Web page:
As of 2005, Pennsylvania law allows married couples to file a no-fault divorce with mutual consent, which means the marriage ends for no other reason than the fact that both people involved want it to end. There are other ways to end a divorce with no fault involved, such as being legally separated for two years or more, but then there's the old fashioned way: finding fault on the part of one or both sides and filing divorce on those grounds.
Pennsylvania law only accepts certain specific reasons for filing a fault-based divorce:
- Desertion for 12 months or more
- Indignities (one spouse makes the other's life unbearable)
- Cruel and barbarous treatment, including all forms of domestic abuse
- Incarceration for 24 months or more
However, even if one or more of these situations is true, you may not want or need to file for a fault-based divorce. Under Pennsylvania law, the fault or lack thereof behind a divorce doesn't affect the property distribution afterwards. A hard legal battle over custody and property can follow a no-fault divorce, and a marriage ended by adultery can divide ownership quickly and quietly. The vast majority of Pennsylvanian divorces are no-fault divorces because of this. So what's the point of filing a fault-based divorce?
- It can end a marriage faster. No-fault divorces only go quickly when both spouses are willing to sign the papers. If one spouse refuses, the couple has to live legally separated for two years and then prove to a court that their marriage is "irretrievably broken." But sometimes marriages need to end faster than that. It can be something like domestic abuse where one spouse needs end the relationship as fast as possible, or there could be issues with business ownership or inheritance.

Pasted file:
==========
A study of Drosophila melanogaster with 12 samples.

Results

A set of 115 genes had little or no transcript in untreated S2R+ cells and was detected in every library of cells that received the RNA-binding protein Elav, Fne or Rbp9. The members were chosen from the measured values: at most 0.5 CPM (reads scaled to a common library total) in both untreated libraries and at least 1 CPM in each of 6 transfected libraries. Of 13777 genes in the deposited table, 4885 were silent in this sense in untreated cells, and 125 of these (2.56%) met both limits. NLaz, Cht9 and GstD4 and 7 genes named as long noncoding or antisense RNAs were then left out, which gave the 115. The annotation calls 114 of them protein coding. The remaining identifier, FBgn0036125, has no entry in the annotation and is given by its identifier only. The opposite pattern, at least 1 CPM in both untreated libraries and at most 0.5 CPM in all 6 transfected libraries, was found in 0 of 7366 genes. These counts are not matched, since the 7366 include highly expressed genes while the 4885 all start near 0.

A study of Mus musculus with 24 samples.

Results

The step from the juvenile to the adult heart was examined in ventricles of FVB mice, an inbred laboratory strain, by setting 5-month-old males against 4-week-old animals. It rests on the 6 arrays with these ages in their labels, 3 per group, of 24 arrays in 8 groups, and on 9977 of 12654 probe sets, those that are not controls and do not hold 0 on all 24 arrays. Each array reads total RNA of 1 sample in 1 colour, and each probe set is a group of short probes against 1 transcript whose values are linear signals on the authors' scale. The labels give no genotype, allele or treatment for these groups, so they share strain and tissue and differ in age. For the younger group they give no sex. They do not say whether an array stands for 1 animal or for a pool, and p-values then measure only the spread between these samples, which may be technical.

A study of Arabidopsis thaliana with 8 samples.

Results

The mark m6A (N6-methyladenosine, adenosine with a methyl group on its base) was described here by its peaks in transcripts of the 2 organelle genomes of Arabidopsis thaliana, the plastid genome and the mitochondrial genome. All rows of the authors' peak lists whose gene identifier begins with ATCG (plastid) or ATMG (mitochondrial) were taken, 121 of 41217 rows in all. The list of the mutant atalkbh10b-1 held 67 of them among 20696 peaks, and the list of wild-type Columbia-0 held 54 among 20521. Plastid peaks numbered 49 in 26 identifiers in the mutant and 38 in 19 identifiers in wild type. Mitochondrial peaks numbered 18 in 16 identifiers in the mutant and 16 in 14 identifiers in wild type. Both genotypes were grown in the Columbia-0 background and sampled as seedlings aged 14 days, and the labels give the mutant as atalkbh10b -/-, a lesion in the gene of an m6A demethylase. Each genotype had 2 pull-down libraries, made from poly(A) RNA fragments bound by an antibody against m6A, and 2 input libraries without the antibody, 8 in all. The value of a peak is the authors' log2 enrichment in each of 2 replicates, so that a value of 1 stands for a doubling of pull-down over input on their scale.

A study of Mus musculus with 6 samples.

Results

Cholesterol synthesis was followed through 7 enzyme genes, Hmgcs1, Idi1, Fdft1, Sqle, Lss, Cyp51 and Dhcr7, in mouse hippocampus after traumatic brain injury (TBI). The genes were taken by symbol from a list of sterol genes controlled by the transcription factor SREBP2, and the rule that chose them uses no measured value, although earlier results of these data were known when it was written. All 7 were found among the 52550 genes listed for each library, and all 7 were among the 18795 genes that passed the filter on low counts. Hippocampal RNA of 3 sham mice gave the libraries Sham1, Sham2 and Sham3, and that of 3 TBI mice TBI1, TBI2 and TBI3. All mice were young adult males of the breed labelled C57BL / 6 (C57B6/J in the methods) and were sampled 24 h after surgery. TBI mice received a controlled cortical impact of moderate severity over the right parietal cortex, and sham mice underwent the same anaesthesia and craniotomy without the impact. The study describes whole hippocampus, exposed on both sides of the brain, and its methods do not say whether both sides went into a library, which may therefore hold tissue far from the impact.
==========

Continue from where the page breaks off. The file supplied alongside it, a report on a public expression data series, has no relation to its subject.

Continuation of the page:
- Alimony. Alimony is a part of no-fault divorces as well, but the size of the payments and whether a spouse gets any at all can be affected by who's responsible for a fault-based divorce. For instance, Pennsylvania law states that a spouse who commits adultery is not entitled to alimony payments, at least so long as the spouse making the payments didn't also commit adultery. You can still prove adultery during a no-fault divorce, but a fault-based divorce lets you establish the fact of it right at the beginning.
Divorce can be short and sweet, painful and long, and anywhere in between. A no-fault divorce is easier to arrange, and most Pennsylvanian couples prefer it, but a fault-based divorce can sometimes be worth the pain of proving fault in a court of law.